General Question

bobmrock's avatar

What creates wind?

Asked by bobmrock (1points) September 19th, 2008

damien's avatar

Changes in temperature. According to wikipedia:

“It occurs as air is heated by the Sun and thus rises. Cool air then rushes to occupy the area from which the hot air has just moved.”

Les's avatar

I’ll try to answer this quickly. The temperature thing is true, but what you describe above is density change. What I like to think of is a change in pressure. Imagine you are holding a balloon filled with air. When you let go of the balloon, the air from inside the balloon rushes from inside the rubber to outside. The pressure in the balloon was higher than outside (high to low), thus causing the stream of air coming out of the balloon, or wind. This is just what happens in our atmosphere. There are high and low pressure areas, and the wind you feel is air moving from the high to the low areas.

Randy's avatar

In a cartoon I watched, there was a cloud blowing air from his mouth and that is what made the wind. In the same cartoon, a character fell from a many miles high cliff and survived so I don’t know how factual my statement is.

big3625's avatar

Sometimes indigestion causes wind to come out of the back side of people in the form of gas pressure buildup created from the food we eat. This kind of wind is most often a methane gas and is a kind of wind that is not very desirable to the human nose.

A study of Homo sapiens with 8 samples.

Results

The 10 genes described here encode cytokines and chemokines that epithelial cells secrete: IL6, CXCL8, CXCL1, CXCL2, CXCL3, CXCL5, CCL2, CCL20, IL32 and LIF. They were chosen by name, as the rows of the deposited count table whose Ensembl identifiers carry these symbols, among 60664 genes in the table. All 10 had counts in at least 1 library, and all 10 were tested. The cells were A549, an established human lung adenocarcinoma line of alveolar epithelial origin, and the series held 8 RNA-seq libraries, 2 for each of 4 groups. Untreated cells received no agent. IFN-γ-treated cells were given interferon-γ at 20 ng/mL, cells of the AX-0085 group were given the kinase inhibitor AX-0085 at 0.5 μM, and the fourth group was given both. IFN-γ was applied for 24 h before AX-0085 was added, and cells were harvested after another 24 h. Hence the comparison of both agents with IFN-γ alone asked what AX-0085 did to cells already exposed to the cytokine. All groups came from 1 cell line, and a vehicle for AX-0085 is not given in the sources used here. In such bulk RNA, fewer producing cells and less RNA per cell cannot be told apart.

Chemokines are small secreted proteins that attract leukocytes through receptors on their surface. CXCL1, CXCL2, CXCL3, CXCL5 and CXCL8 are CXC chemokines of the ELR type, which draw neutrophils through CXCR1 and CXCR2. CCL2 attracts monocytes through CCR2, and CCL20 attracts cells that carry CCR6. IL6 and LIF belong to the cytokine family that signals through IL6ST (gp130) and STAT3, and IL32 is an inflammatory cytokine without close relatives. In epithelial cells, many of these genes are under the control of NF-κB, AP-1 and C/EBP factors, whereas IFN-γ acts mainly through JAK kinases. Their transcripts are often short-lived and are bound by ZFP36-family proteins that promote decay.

Poser's avatar

It’s actually both what Damien and Les said. The uneven heating of the atmosphere causes changes in the density of the air. There are all manners of how this actually creates wind.

In coastal areas, for instance, since land heats and cools much faster than water, you get sea and shore breezes. When the sun comes up, the land heats up much faster than the sea, which, in turn, heats the air over the land much faster than the air over the sea. As the air heats, it becomes less dense, which means that it rises. As this heated air rises, the pressure at ground level is lowered. The differential between the lower pressure over land and the higher pressure over water causes air to be “sucked” onto shore. This is a sea breeze.

When the sun goes down, the land cools much faster than the water, and the opposite happens. This is a shore breeze.